Hollywood has a long history of pressuring (and occasionally outright forcing) performers to adopt a stage name because their original name isn't considered appealing or easily pronounceable enough. However, in more recent years, actors and singers have been fighting back against this expectation.
Here are 14 celebs who refused to change their names for Hollywood:
1. Maitreyi Ramakrishnan used to anglicize her name so other people could pronounce it more easily, but when she booked the lead in Never Have I Ever, she had an epiphany: "You have a fresh start, no one here knows your name, go for it."
She told Refinery29 Australia, "I’m really proud of my 20-letter name. It’s pretty awesome...I don't ever plan on changing it, and I just want people to respect that and try their hardest to say it right."
2. At the very beginning of Harrison Ford's career, he signed a contract with a studio that wanted to change his name because they thought Harrison Ford was a "pretentious name for a young man." He suggested the name Kurt Affair, basically knowing they'd reject it.
On Live with Kelly and Ryan, he said, "I didn't agree with that. I thought it was a pretentious name for an old man."
3. When Zoe Saldaña did her first movie, Center Stage, her then-manager encouraged her to change her name because "it's what everybody does."
The manager was speaking from personal experience because she'd changed her own name as a teenage singer and ballroom dancer in the '60s.
Zoe told Entertainment Weekly, "That was her doing the best that she wanted for me, but I still knew that I liked my name."
4. At the beginning of his career, Emilio Estevez's agent advised him to change his name to Sheen, the same stage name used by his dad, Martin, and brother, Charlie. However, he followed Martin's advice and refused.
Martin told Closer Weekly, "The only influence I had on Emilio was to keep his name. ... I thank God he didn’t [change it]."
5. Though several other members of BTS use stage names, Jimin opted to use his real name instead of the one Big Hit Entertainment offered him — Baby G.
6. Similarly, Jungkook was offered the stage name Seagull. However, coming from a coastal city, he wasn't very fond of the idea.
7. At the beginning of Barbra Streisand's career, people she worked with wanted her to be called "Barbara Sands." She rejected the idea, but she did drop one "a" from her first name to make it more unique.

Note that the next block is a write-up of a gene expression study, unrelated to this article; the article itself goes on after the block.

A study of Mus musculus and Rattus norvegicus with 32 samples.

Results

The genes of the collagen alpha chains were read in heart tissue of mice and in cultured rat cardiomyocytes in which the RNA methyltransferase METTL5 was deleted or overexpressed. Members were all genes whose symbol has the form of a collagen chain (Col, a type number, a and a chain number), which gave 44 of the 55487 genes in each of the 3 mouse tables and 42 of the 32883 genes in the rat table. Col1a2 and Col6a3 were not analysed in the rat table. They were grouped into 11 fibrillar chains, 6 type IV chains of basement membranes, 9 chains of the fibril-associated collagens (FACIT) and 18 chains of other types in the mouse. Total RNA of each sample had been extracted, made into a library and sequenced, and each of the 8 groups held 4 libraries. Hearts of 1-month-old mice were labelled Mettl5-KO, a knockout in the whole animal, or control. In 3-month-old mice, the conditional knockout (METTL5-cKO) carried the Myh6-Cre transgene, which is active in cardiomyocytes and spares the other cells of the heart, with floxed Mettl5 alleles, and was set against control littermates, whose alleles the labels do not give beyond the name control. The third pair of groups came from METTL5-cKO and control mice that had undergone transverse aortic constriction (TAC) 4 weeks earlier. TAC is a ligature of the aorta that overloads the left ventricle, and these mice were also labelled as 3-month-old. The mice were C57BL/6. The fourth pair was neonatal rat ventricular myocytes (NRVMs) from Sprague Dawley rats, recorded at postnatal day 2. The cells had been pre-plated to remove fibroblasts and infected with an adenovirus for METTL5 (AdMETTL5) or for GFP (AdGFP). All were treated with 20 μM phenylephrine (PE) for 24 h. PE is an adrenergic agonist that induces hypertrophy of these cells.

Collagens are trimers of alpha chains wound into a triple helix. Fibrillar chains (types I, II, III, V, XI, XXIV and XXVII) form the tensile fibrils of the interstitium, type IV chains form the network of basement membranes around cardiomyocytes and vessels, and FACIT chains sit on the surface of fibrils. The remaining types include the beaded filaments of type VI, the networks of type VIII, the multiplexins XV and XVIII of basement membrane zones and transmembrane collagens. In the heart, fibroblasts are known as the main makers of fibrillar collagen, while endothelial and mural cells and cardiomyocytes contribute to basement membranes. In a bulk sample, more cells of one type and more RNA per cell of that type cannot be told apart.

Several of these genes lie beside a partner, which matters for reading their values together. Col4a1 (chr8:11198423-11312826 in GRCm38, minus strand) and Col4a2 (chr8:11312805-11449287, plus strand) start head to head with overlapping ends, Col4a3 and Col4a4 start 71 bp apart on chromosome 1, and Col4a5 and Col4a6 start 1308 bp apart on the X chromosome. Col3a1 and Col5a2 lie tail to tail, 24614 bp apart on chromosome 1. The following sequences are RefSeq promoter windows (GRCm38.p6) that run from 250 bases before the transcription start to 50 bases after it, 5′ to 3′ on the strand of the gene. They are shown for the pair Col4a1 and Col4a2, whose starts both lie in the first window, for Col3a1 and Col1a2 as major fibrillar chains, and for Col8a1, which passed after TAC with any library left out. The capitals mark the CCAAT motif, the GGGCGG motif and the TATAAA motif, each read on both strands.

On The Tonight Show Starring Jimmy Fallon, she said, "I thought, 'What? No. Streisand is my name. I don’t want to change it.'"
8. When Michael Peña saw other actors booking commercials after changing their names, he "thought it was a slap in the face." Having dealt with racism as a kid, he "felt like changing [his] name would be kind of like conforming."
He told GQ, "I know that my parents, they crossed the border to offer us a great life. And I didn't want to turn my back on my dad working two full-time jobs, my mom working two full-time jobs, so me and my brother could go to private school. So I never considered it. It could've been easier, maybe. Maybe in the beginning."
9. Annie (2014) actor Quvenzhané Wallis will never change her name because "that's what [she] was born with."
10. Saoirse Ronan considered changing her name as a child, but when she got older, she "decided [she] was never going to change anything for anyone."
She told the Irish Independent, "When I was a child and nobody else was called Saoirse, I thought, 'Oh, I'd like a normal name,' just because I was a kid."
11. In 1991, Thandiwe Newton's named was misspelled as "Thandie" in the Flirting credits. Letting it slide, she used it as a stage name until 2021, when she reclaimed the original spelling.
12. Raquel Welch, whose first name is Jo, made the decision to go by her middle name as a kid because it was the name she felt most comfortable with. Then, when she grew up and became an actor, she refused Hollywood's request to change her name to "Debbie."
She told the Associated Press, "They wanted to change it and I was not happy at all. I did really feel like Raquel."
13. Bollywood actor Huma Qureshi was advised to change her name because "there's a Pakistani actor with the same name and [she was told] that [she] wouldn't want that association, since [she] wanted to be the leading lady."
She told the Hindustan Times, "I was like, 'I am not going to do that. I will always be Huma Qureshi, and people will have to deal with that.'"
14. And finally, when Andy García first got to Hollywood, Latino actors were pigeonholed into stereotypical roles, and their opportunities were very limited. The first thing every agent he met told him was "change your name," but he decided against it because he believes "the most important thing as an artist is to [have] a very personal connection to who you are."
He told HuffPost, "I always felt that in changing the name, I would lose sort of the essence of how I could personalize the work, my point of view. And it would be, in a way, betraying that, betraying my inner self."